A college professor made our freshman Music Appreciation class squirm by requiring us to define what made a composition "good." Whether we liked it or not, he insisted, was irrelevant. How did it make us feel? And why? These answers, he said, might help us determine whether the music was good.
I've rolled this discussion around for years. As a bookish English major, I've read countless books. As best I can say, I've rested on my working definition of what makes a work "good."
1. It must be written with understanding and mastery of the craft; there must be beauty in it.
2. It must make me think and feel.
Lately I'm pondering the concept of "goodness." What does one mean, I wonder, when she asks whether Deacon is a "good" baby? If it would mean he doesn't cry and sleeps through the night, then he is decidedly not "good." But I'm not comfortable declaring my precious son "bad." These days my daughters are also, by these standards, far from "good." We are fighting together daily to learn and embody grace and love and what it means to be a family as the circumstances change. Sometimes it is hard. But when I kneel-- weary-- at their bedsides, tuck their spindly limbs back in and kiss their foreheads, I'll be damned if they're not among the most perfect things I've ever seen.
It can be so easy, when the days are long and the to-do list is longer, when the hands are small and the feet are clumsy, when the personalities are emerging and the temperaments asserting themselves, to think there is some other time-- before or to come-- when the days will be perfect. But to fall into this thinking is ungrateful at best and blasphemous at worst. And on "bad" days I am a heretic of the most unsavory sort. When these feelings prevail, overcoming what I know, I suggest that, actually, there is variation and shifting shadow in the giver of these gifts. This thinking suggests that my thankfulness and the very worth of the gifts themselves hinge on their behavior on a given day, at a given moment. Such thoughts suggest, then, that the gifts-- my blessed children-- are worthy of my affection as a condition and not a rule.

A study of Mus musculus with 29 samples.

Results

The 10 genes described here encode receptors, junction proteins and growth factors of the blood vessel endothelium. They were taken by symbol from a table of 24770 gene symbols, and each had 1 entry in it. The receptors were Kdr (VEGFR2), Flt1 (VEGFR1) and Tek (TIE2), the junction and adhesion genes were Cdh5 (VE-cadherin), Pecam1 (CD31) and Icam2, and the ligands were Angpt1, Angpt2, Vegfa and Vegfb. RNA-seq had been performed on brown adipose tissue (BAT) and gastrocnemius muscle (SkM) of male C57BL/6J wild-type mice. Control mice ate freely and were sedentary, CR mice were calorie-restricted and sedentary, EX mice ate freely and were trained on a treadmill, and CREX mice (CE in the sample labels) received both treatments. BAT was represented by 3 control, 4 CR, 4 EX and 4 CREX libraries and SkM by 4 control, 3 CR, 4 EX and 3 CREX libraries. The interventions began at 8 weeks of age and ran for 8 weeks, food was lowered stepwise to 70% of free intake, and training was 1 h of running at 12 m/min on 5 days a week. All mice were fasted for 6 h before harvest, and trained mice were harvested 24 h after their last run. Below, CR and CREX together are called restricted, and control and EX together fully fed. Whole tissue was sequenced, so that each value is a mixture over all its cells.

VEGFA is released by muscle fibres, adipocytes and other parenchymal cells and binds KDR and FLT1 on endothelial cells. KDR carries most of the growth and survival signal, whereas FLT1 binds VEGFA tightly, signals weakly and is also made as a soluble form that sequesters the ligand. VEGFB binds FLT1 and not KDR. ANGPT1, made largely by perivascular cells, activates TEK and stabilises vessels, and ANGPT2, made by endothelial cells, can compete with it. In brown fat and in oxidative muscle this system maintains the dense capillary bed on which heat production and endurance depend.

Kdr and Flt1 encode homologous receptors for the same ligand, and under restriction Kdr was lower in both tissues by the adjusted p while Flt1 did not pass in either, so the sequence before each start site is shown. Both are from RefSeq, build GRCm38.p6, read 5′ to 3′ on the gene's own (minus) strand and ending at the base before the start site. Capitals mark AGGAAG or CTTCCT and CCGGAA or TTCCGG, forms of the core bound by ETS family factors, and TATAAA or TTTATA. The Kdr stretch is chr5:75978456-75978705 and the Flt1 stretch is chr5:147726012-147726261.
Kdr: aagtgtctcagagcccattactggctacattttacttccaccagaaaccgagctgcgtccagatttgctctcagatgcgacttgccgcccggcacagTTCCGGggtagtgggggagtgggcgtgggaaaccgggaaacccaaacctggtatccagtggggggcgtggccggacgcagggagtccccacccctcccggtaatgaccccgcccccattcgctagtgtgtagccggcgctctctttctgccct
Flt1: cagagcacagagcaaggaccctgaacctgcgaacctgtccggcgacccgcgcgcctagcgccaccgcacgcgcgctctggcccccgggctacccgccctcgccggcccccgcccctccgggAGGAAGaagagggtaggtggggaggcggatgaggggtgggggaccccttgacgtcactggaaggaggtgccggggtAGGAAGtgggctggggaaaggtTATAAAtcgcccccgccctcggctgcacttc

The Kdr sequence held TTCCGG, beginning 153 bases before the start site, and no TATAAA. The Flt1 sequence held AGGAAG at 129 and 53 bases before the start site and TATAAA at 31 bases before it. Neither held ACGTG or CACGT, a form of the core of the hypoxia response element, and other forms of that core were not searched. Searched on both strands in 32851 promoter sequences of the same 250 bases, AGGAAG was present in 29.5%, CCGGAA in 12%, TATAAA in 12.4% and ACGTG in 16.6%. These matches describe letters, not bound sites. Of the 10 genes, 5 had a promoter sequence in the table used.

Certainly they don't treat me that way, despite the unloveliness that fatigue and the mundane have wrought lately. Certainly the Father of Lights about whom I teach my children daily would never treat His children in that manner. We are loved, valued and cherished, regardless of our moods, words accomplishments, or behavior, simply because we are.
May we love our children like this. May they never wonder whether our love wavers or hinges on their actions. May we model this always, especially when it is hard. May we see the goodness of the moments and the gifts, even when we don't enjoy it all.
I eventually did read The Color Purple again, and it's still not my favorite book. But I've never forgotten the passage from which is takes its name: "I think it pisses God off if you walk by the color purple in a field somewhere and don't notice it." Our garden beds are full of weeds our neighbors seem eager for us to address. My daily mood is influenced more than it should be by circumstance. My children are reeling from change. They need time and space to adjust; they need to be held tightly even as they rage. They need to rest in the knowledge that they are loved, regardless of whether it is "deserved."
We are reminded each night, as we check on every sleeping child and fall into bed together, that it's
all-- every single bit of it-- good.